Jim Caldwell's success intertwined with that of quarterback Matthew Stafford

Posted Jan 15, 2014

New Detroit Lions head coach Jim Caldwell thinks Matthew Stafford will "take off in every facet"

Matthew StaffordPhoto: G. Smith/Detroit Lions

The first time Jim Caldwell came to Allen Park to interview for the Detroit Lions head coaching position he met quarterback Matthew Stafford.

The two exchanged pleasantries, talked football, philosophy and a little bit about Stafford's 2013 season. Caldwell said he left that meeting impressed by his new franchise quarterback.

"If you ask him the question, is he willing to work. Yes," Caldwell said. "Is he dedicated. Yes. Does he want to get better. Yes. Does he want to win a Super Bowl. Yes. All of those things you can answer affirmative.

"I think without question you're going to see he can get better, better and better."

Stafford set franchise records with 5,038 yards and 41 touchdowns in 2011, but he hasn't neared those touchdown totals the last two years as the Lions have stumbled in the second half of both seasons to miss the playoffs.

Certainly not all of that is on Stafford, but it comes with the job description that the quarterback gets the praise for winning and the blame for losing.

This season, Stafford completed 58.5 percent of his passes for 4,650 yards with 29 touchdowns and 19 interceptions.

Caldwell worked closely with Peyton Manning in Indianapolis and Manning made an unsolicited call to Lions general manager Martin Mayhew on Caldwell's behalf.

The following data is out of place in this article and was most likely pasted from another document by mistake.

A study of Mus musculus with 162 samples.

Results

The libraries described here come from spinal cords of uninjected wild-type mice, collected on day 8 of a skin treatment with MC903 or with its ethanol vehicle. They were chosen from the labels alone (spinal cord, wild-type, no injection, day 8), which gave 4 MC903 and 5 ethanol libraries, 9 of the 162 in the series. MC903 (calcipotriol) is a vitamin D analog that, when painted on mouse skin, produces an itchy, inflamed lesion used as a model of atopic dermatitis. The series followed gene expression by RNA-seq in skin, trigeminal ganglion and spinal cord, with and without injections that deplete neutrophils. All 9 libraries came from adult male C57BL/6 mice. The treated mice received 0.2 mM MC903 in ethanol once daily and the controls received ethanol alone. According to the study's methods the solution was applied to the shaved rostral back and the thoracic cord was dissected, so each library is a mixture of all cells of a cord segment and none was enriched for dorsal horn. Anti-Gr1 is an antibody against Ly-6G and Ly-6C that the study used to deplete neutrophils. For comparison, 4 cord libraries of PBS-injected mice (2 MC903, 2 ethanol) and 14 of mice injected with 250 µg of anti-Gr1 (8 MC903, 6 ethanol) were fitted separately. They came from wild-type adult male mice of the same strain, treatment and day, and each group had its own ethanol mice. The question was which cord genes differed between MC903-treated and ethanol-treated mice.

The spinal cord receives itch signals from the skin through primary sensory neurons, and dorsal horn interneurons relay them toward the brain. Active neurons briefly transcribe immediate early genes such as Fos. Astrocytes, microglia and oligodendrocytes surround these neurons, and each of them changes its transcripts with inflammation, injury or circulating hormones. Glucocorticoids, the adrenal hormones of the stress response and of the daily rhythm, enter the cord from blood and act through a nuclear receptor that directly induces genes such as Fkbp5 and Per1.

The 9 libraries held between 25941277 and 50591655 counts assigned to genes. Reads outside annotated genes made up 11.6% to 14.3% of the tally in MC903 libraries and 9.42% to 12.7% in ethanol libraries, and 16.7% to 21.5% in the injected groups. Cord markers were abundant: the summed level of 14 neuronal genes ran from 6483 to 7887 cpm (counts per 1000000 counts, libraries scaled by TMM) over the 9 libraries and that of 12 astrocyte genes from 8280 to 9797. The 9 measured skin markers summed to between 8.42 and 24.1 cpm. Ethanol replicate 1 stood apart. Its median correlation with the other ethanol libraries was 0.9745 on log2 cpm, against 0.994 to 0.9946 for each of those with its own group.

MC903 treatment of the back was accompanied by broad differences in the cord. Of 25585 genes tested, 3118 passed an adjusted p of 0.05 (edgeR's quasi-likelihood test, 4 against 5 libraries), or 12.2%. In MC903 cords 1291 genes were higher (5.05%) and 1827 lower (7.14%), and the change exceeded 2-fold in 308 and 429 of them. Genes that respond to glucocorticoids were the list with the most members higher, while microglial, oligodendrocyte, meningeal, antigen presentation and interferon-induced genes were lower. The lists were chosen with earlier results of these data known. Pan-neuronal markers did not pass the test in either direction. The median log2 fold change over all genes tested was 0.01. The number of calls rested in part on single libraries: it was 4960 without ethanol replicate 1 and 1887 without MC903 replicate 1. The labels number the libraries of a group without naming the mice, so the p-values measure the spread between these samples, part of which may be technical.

Manning set then-career highs in completions (379), completions percentage (67) and yards (4,267) in his second season under Caldwell. He threw 49 touchdowns with 10 interceptions the following year.

"I think, No. 1, he's a very, very talented guy," Caldwell said of Stafford.

"We had an opportunity to meet a couple times – or I should say once, when I came on my first interview – we sat down and just talked a little bit. We just kind of talked about some of the things that I had seen on film and things of that nature throughout the years we just kind of talked back and forth. We had common ground in a number of cases."

Caldwell said he hasn't made any determination just yet if he'll call the plays, but did say he'll work closely with the offense and the quarterback position.

"We also talked about what it was going to take to improve," Caldwell said of that first meeting with Stafford "We just hit on a few things. I think the thing that you find out about him is the fact that he is willing to do whatever it takes to get ready to win. That's the key.

"I mean, he's a guy that has talent, he has ability, he has great leadership qualities and I think, without question, you're going see him develop and then also, certainly, take off in every facet."

That's certainly the hope, because Caldwell's success as Detroit's 26th head coach in franchise history will be tied to the success of his 25-year-old signal caller.